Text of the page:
AbbVie entered into a collaboration with Harbour BioMed, Utrecht University, and Erasmus Medical Center to develop an antibody therapeutic to prevent and treat COVID-19, the parties announced Friday. The fully human, neutralising antibody 47D11, which targets the conserved domain of the spike protein of SARS-CoV-2, was discovered by Harbour BioMed, Utrecht University, and Erasmus Medical Center.
Under the deal, AbbVie will support the other collaborators through preclinical activities, while undertaking preparations for later-stage preclinical and clinical development work. Meanwhile, AbbVie will receive an option to exclusively license the antibody from the three parties for therapeutic clinical development and commercialization worldwide.
“Treatment and prevention of COVID-19 remains a critical global need. The antibody…is extremely promising based on the mechanism by which it targets the virus and on its ‘developability’ as a fully human protein,” remarked AbbVie’s chief scientific officer Tom Hudson. According to study data published last month in Nature Communications, 47D11 was able to neutralise SARS-CoV-2, as well as the earlier coronavirus SARS-CoV, in cell culture.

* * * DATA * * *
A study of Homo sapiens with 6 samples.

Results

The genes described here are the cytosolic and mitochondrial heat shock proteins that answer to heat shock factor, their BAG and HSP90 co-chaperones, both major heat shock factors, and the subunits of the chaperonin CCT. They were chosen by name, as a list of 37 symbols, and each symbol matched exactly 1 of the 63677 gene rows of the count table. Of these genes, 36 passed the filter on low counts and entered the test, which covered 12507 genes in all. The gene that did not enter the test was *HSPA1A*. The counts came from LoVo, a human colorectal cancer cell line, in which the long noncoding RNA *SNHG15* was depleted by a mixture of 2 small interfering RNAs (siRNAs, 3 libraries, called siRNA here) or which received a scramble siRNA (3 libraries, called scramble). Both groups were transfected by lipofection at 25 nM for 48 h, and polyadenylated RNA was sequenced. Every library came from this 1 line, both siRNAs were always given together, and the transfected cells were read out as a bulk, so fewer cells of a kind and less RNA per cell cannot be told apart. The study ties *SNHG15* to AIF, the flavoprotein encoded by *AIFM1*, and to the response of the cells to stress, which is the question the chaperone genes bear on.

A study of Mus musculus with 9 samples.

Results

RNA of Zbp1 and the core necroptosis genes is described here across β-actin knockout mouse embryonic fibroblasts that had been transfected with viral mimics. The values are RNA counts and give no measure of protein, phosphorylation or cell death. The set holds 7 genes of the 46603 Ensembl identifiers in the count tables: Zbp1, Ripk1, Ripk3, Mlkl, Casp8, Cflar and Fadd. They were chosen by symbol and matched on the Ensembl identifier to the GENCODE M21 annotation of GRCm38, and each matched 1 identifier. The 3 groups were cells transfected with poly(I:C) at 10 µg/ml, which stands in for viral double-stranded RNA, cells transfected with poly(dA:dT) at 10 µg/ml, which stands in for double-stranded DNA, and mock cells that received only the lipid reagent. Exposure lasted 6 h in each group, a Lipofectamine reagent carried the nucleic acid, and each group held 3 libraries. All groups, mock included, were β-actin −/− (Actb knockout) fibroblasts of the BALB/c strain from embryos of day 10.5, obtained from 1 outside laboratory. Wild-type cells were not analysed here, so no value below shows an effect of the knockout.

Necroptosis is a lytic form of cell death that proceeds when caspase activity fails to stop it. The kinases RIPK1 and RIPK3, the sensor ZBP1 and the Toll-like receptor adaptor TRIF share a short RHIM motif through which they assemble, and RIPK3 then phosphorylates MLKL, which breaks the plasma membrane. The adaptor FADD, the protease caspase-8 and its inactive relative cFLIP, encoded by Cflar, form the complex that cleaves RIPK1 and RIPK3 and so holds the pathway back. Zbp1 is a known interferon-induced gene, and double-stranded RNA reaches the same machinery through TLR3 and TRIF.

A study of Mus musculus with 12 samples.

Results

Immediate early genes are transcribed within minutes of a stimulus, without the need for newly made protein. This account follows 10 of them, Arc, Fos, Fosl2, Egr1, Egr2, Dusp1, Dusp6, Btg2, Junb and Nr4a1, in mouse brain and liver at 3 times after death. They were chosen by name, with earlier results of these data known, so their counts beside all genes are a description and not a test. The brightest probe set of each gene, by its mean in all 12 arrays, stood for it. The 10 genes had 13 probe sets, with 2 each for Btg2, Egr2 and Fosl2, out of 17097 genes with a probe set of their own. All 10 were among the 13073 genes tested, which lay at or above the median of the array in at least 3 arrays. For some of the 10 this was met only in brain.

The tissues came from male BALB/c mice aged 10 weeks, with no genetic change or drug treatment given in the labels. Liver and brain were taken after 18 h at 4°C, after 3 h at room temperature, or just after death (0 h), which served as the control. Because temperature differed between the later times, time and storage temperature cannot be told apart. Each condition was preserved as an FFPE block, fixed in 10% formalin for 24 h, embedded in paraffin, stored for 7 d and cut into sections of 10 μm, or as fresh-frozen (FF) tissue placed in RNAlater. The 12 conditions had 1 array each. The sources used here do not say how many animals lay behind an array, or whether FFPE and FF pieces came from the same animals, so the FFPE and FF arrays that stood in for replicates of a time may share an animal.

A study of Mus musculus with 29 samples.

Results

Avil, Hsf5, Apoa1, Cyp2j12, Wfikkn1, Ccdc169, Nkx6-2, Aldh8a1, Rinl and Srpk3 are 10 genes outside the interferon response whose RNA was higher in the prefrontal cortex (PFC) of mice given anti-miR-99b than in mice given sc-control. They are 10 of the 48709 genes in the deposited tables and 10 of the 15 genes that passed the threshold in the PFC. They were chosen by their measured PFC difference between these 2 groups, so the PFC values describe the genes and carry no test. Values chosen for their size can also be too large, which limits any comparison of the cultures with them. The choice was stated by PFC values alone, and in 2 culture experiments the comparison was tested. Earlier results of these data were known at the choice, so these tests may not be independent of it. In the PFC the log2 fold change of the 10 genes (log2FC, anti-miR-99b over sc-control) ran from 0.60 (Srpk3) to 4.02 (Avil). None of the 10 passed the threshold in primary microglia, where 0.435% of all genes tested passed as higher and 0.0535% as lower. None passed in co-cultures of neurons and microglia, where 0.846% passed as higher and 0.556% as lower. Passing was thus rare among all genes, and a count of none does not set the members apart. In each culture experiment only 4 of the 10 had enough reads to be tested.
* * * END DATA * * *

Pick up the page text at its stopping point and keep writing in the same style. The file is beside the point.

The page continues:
AbbVie is currently conducting the phase 2 iNSPIRE trial to evaluate the addition of its BTK inhibitor Imbruvica (ibrutinib) to best supportive care in patients with moderate-to-severe COVID-19 disease suffering from pulmonary distress. Earlier this year, results from a study testing the addition of its HIV drug Kaletra/Aluvia (lopinavir/ritonavir) to standard care in seriously ill patients with COVID-19, showed the combination treatment failed to significantly shorten the time to clinical improvement, or significantly lower mortality rates, compared to standard care alone.
Meanwhile, Eli Lilly recently announced that it started dosing patients in a phase 1 trial investigating the antibody LY-CoV555, which is being co-developed with AbCellera. Eli Lilly said the study is the first testing a potential antibody designed to treat COVID-19.